Curious Question: Do Fish Blink or Close Their Eyes? Have you ever seen a fish blink?

Do Fish Blink or Close Their Eyes?

You’re bound to have considered what it’s like to be a fish, swimming through the ocean without a care in the world, but one important feature may have you stumbled.. have you ever seen a fish blink? Well, the answer is simple, and it can be found in a fish’s physical makeup. 

Those who claim to have seen a fish blinking aren’t telling the truth, as fish cannot blink or close their eyes in a conventional manner, as they do not have eyelids. Eyelids are absolutely essential for blinking as they are what cover your eyes when you close them, so lacking such a key feature makes it impossible for fish to blink! Of course, this means that fish’s eyes are in constant contact with water, and they can withstand such an experience as they have adapted over many hundreds (or even thousands) of years to suit the environment in which they live. 

You may be surprised to find out that the physical structure of a fish’s eye is actually very similar to our own human eye – all besides the lens. The lens is the part that sits just behind the iris and it is used to channel light toward the retina, so such an adaptation makes a dramatic difference. Such a difference is down to the fact that we as humans live in a more ‘airy’ environment, so our lenses are flat and thinner. On the other hand, a fish lives its life in the water wherein in comparison there is far less sunlight to utilize, so their lens is thicker and shaped similar to marble. If a human were to open their eyes when they go underwater everything they see would be out of focus and blurred, thus proving the significance of such a small change in the lens’s form.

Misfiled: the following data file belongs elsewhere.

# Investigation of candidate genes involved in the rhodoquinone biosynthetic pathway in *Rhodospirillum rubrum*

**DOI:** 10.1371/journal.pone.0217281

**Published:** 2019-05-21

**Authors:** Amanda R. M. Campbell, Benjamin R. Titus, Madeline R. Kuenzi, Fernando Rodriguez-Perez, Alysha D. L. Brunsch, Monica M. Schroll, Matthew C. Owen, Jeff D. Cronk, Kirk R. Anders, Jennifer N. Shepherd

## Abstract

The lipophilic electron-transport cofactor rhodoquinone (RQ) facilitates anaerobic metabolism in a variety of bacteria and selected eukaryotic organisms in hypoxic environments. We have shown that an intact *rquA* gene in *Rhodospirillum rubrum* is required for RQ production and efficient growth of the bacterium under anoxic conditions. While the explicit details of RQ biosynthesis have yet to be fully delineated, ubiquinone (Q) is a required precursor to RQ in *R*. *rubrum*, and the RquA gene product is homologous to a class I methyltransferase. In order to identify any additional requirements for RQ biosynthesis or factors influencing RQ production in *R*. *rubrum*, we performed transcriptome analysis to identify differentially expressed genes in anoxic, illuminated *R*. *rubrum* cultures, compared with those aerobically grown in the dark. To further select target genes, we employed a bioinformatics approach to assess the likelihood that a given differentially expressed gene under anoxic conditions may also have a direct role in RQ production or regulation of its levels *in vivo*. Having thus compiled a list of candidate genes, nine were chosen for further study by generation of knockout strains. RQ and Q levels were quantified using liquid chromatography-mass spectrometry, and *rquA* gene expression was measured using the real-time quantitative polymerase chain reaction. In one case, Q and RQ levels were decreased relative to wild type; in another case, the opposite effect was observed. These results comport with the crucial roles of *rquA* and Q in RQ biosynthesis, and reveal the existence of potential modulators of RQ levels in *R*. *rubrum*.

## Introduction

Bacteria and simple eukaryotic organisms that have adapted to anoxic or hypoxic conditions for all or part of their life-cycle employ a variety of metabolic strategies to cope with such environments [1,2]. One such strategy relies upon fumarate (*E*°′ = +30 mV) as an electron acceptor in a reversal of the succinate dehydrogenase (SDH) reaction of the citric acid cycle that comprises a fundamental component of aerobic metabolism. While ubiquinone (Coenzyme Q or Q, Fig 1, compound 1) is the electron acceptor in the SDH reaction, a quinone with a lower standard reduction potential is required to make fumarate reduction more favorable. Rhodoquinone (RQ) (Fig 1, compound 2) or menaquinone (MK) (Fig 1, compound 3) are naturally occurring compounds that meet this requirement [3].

It is important to note that there is all but one exception to the eyelid rule, as a single species of fish has its own form of the eyelid that allows them to close their eyes. Sharks are the only fish that can blink due to a nictitating membrane that serves as a kind of eyelid. Not all shark subspecies have the capacity to blink – for example, a great white shark does not have this membrane and instead will roll their eyes back into their head to protect themselves during the conflict, hunting, or mating.

There you have it. Fishes do not blink and cannot close their eyes, simply because they don’t need to.